Pfizer hired 600 employees in the months after its COVID-19 vaccine received emergency use authorization in the United States due to the “large increase” of reports of side effects linked to the vaccine, according to a recently released company document. The FDA is required to release a certain number of vaccine-related Pfizer documents each month as the result of a February court ruling.
Pfizer has “taken multiple actions to help alleviate the large increase of adverse event reports,” according to the unredacted document. “This includes significant technology enhancements, and process and workflow solutions, as well as increasing the number of data entry and case processing colleagues.”
According to the document, Pfizer had recorded 42,086 case reports (25,379 medically confirmed and 16,707 non-medically confirmed) across 158,893 events as of February 28, 2021. When breaking this figure down further, Pfizer recorded 1,403 cardiovascular Adverse Events of Special Interest (AESIs), amounting to 3.3% of the adverse events data set. The full unredacted document contains information on all recorded AESIs that were recorded as of its creation last year.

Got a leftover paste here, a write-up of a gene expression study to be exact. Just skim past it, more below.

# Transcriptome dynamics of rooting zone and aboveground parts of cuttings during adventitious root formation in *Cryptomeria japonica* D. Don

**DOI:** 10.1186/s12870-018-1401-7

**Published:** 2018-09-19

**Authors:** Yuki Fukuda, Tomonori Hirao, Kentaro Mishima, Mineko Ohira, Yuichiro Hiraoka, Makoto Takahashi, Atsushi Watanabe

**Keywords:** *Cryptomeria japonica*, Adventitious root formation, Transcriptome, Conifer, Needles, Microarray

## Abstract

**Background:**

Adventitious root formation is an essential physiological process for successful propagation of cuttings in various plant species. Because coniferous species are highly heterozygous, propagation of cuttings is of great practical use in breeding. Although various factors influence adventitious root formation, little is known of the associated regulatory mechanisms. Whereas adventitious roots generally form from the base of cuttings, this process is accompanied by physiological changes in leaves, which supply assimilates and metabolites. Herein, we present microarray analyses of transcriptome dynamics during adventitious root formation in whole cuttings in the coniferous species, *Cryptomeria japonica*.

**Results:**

The analysis of adverse event reports was previously disclosed to the health transparency group, but certain portions were redacted. Among the redacted information was the number of workers Pfizer hired in order to deal with the increase adverse event reports.
“We asked that the redactions on page 6 of this report be lifted and the FDA agreed without providing an explanation,” Aaron Siri, a lawyer representing the plaintiffs, told The Epoch Times in a statement. The redactions had been made under (b) (4) of the Freedom of Information Act, which lets agencies “withhold trade secrets and commercial or financial information obtained from a person which is privileged or confidential.”
The Pfizer document further revealed that approximately 126,212,580 doses of the Pfizer BioNTech vaccine had been shipped worldwide as of last February, though it is unclear how many of those doses had been administered. Prior to the court order, the FDA wanted to keep the documents sealed for at least 55 years.